Environmental Justice Campaign

EPA-EJ_ReportCoverGraphic-250pxWLisa Arkin interviewed on Jefferson Public Radio’s “Jefferson Exchange”

Find out about the latest EJ Task Force meeting–>>

Majora Carter on the Connection Between Race, Class, Environment and Health

In close partnership with Centro Latino Americano Beyond Toxics launched the West Eugene Industrial Corridor Environmental Health Project. The project grew out of concerns expressed from neighbors in the area of West Eugene immediately downwind from a (then) proposed biomass energy plant, which is now operating and burning forest by-products. These affected neighborhoods have higher percentages of minority, elderly, disabled and poverty level residents. Furthermore, these families are disproportionally affected by higher concentrations of industrial air pollutants from surrounding industrial sources. This collaborative project received two Environmental Justice grants from the US Environmental Protection Agency (EPA); the first grant in 2010 was one of only six awarded in the entire Northwest.

  • Read Joel Iboa’s blog posts, “Who are YOUth?” and “Near Nightmare on Roosevelt Boulevard.”
  • History
    In the summer of 2010, Beyond Toxics employed five canvassers to go door-to-door to gather data about environmental health issues that concern residents. See our report to the EPA. According to preliminary results, neighbors believe that they have been exposed to cumulative multiple air pollutants and suffer health consequences because of the effect of cumulative pollution. The issue The environmental issue that we seek to address is air pollution from industrial and transportation sources in the Industrial Corridor of West Eugene, an area that is home to higher densities of low-income residents, many of whom are Latino families. According to the EPA EnviroMapper, fifty air and toxic release sites and two Superfund sites are listed within the nine square mile area of West Eugene. The Eugene-Springfield metropolitan area is located at the southern end of Oregon’s Willamette Valley. The area is dubbed “the toe of the sock” because it is cupped by mountains on the south, east and west sides. Frequent air stagnations caused by topographical barriers and wind patterns result in the accumulation of local pollution and wind-borne air pollution from other larger metropolitan areas up the valley (Portland-Beaverton and Salem-Keizer).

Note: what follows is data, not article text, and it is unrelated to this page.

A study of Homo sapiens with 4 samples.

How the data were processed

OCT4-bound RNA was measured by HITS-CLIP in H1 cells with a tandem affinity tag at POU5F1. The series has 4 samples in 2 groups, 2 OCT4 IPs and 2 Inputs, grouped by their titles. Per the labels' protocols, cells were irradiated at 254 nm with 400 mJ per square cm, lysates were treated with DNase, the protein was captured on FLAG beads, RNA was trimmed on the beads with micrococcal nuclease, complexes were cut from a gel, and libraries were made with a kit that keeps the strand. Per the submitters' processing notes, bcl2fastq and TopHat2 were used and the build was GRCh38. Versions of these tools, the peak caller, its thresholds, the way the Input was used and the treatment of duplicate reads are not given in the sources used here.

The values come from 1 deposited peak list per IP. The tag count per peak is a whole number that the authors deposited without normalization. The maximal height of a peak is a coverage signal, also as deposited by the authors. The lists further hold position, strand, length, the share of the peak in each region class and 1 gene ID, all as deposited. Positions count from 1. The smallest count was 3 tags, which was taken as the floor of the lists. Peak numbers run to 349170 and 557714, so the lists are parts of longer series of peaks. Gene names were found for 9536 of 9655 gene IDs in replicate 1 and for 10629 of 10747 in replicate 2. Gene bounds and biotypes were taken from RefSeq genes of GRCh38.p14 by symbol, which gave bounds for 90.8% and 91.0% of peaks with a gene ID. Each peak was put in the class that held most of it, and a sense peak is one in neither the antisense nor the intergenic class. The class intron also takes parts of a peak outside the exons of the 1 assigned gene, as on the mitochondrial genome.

MORE about environmental justice

Community Partners:

  • Active Bethel Citizens
  • Bethel School District
  • Centro LatinoAmericano
  • Exito Magazine

Beyond Toxics, through the work of this project, is actively encouraging area residents to take part in proactive solutions they feel will improve their health. As part of our educational outreach, we are organizing several asthma awareness workshops in the West Eugene area to help residents learn of the dangers of asthma to their families and especially to children who are more vulnerable to pollution. We are collecting data, mapping relationships between air pollution sources and families with asthma and organizing community responses. (See the latest slide show )

Purpose of the project
Enhance the community’s understanding of environmental pollutants.
Improve the community’s ability to communicate their environmental health concerns.
Mobilize community and business partnerships to help minority and low-income neighborhoods reduce their exposure to toxics.

This environmental justice project promises to create a new era of cooperation between environmental groups and those working for social justice in the Willamette Valley.


2012 EJ Bus Tour Info.

Won’t you join us in imagining, and working for, a world beyond toxics?